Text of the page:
Scientists said they had found tantalising evidence suggesting "dark matter" - the mysterious substance believed to comprise most of the Universe's mass - may be more dynamic than thought.
Theorised by physicists back in the 1930s, dark matter cannot be seen by telescopes, and its existence is inferred indirectly, through its gravitational effects on visible matter.
Calculations based on the Standard Model of cosmology suggest it accounts for nearly 85 percent of the mass in the Universe, stretching out in clumpy tendrils that enfold galaxies.
But until now, that was pretty much all we knew, said Richard Massey, an astrophysicist at Durham University, northeastern England, who led the new study.
"Everything that we've known about dark matter until now is that it sits around doing nothing, affects the Universe around it but doesn't do anything else," he said in an interview with AFP.
"We've found for the first time that it may have more tricks up its sleeve -- it might be affecting things around it in other ways, through other forces."
The evidence comes from a unique chance, using the US Hubble orbital telescope and the European Southern Observatory's Very Large Telescope in Chile.
Together, the two high-powered facilities viewed the simultaneous collision of four distant galaxies at the centre of a galaxy cluster a very distant 1.3 billion light years from Earth.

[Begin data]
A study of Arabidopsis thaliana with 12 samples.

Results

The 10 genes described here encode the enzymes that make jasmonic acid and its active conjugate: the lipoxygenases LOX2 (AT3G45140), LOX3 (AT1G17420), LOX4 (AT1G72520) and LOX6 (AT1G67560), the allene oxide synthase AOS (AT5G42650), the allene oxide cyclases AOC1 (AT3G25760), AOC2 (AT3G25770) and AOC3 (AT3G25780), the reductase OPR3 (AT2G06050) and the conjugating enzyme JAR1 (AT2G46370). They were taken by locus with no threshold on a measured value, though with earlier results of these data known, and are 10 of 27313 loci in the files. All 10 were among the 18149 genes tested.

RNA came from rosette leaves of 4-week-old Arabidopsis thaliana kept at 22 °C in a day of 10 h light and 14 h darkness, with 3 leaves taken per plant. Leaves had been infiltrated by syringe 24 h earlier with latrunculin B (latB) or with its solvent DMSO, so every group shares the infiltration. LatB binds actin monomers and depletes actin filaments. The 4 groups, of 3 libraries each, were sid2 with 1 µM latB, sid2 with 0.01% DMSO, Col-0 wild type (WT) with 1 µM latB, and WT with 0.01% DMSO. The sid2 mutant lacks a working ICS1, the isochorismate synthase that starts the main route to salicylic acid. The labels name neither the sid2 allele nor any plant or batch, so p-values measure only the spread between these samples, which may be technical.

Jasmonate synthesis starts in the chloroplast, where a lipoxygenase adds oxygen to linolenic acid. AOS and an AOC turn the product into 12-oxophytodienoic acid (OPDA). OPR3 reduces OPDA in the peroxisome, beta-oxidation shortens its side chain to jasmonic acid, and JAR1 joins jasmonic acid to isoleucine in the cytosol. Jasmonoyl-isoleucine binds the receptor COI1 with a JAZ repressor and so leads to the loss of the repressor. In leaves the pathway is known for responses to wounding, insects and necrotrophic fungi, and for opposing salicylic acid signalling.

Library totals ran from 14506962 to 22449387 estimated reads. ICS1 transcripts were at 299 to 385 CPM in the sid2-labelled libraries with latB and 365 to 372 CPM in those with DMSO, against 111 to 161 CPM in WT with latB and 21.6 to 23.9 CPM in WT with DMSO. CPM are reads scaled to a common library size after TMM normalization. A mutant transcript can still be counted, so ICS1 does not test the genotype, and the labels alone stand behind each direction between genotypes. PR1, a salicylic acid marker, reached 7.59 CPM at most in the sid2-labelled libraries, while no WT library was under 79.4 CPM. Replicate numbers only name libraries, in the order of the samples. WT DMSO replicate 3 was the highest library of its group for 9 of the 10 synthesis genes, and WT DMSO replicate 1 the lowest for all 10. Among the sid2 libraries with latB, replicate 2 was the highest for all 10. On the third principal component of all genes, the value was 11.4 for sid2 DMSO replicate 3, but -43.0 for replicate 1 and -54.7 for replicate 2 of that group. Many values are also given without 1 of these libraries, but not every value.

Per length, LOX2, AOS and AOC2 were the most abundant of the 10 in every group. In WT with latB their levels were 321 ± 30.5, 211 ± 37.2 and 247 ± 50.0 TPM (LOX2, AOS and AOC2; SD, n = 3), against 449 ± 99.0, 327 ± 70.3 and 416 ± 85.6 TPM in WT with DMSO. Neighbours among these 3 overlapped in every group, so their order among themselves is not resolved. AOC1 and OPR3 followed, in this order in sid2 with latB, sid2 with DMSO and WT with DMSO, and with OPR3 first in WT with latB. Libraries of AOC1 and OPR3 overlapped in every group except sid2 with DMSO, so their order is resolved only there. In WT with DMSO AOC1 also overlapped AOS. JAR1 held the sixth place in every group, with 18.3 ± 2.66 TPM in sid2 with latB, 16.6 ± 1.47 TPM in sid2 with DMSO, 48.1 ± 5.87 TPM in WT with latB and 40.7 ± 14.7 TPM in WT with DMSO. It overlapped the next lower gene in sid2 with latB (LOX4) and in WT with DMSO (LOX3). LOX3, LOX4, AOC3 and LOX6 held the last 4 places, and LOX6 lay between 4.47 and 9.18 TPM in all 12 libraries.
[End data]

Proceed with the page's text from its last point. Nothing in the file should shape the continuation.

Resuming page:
What grabbed the astronomers' attention was that one dark matter clump seemed to be lagging behind the galaxy it surrounds.
The gap was big -- 5,000 light years, or 50,000 million million kilometres (31 million million miles).
- 'Pea-souper' -
The lag was apparently caused by a "fog" of dark matter and hydrogen atoms, which slowed the advance of the dark-matter clump, said Massey.
"It's like moving through a thick pea-souper, so thick that you get a little bit of friction from it as you walk down the street, and it slows you down," Massey said in a phone interview.
"(The galaxy's) dark matter has taken a different trajectory and ended up in a different place," he said. "This is really amazing, because we don't see this in any other galaxy."
What the interaction is remains unclear -- it could be a well-known force or something exotic, but it is clearly not gravity.
Massey admitted that the discovery only slightly moved the needle when it came to learning more about dark matter.
But it did validate a theoretical pathway about the enigmatic stuff.
"It's embarrassing how little we know about dark matter," he said.
"Until now, we've known almost nothing. As far as we could tell, it didn't interact in any way.
"But there are lots of theoretical models about what dark matter might be and what it could do, and some of them did in fact suggest it would interact in certain ways."
The study appears in the British journal Monthly Notices of the Royal Astronomical Society (RAS).
Liliya Williams, a professor at the University of Minnesota, said that dark matter -- far from being inert -- could turn out to interact with more forces than just gravity.
"The parallel Universe going on around us has just got interesting," Williams said in a press release. "The dark sector could contain rich physics and potentially complex behaviour."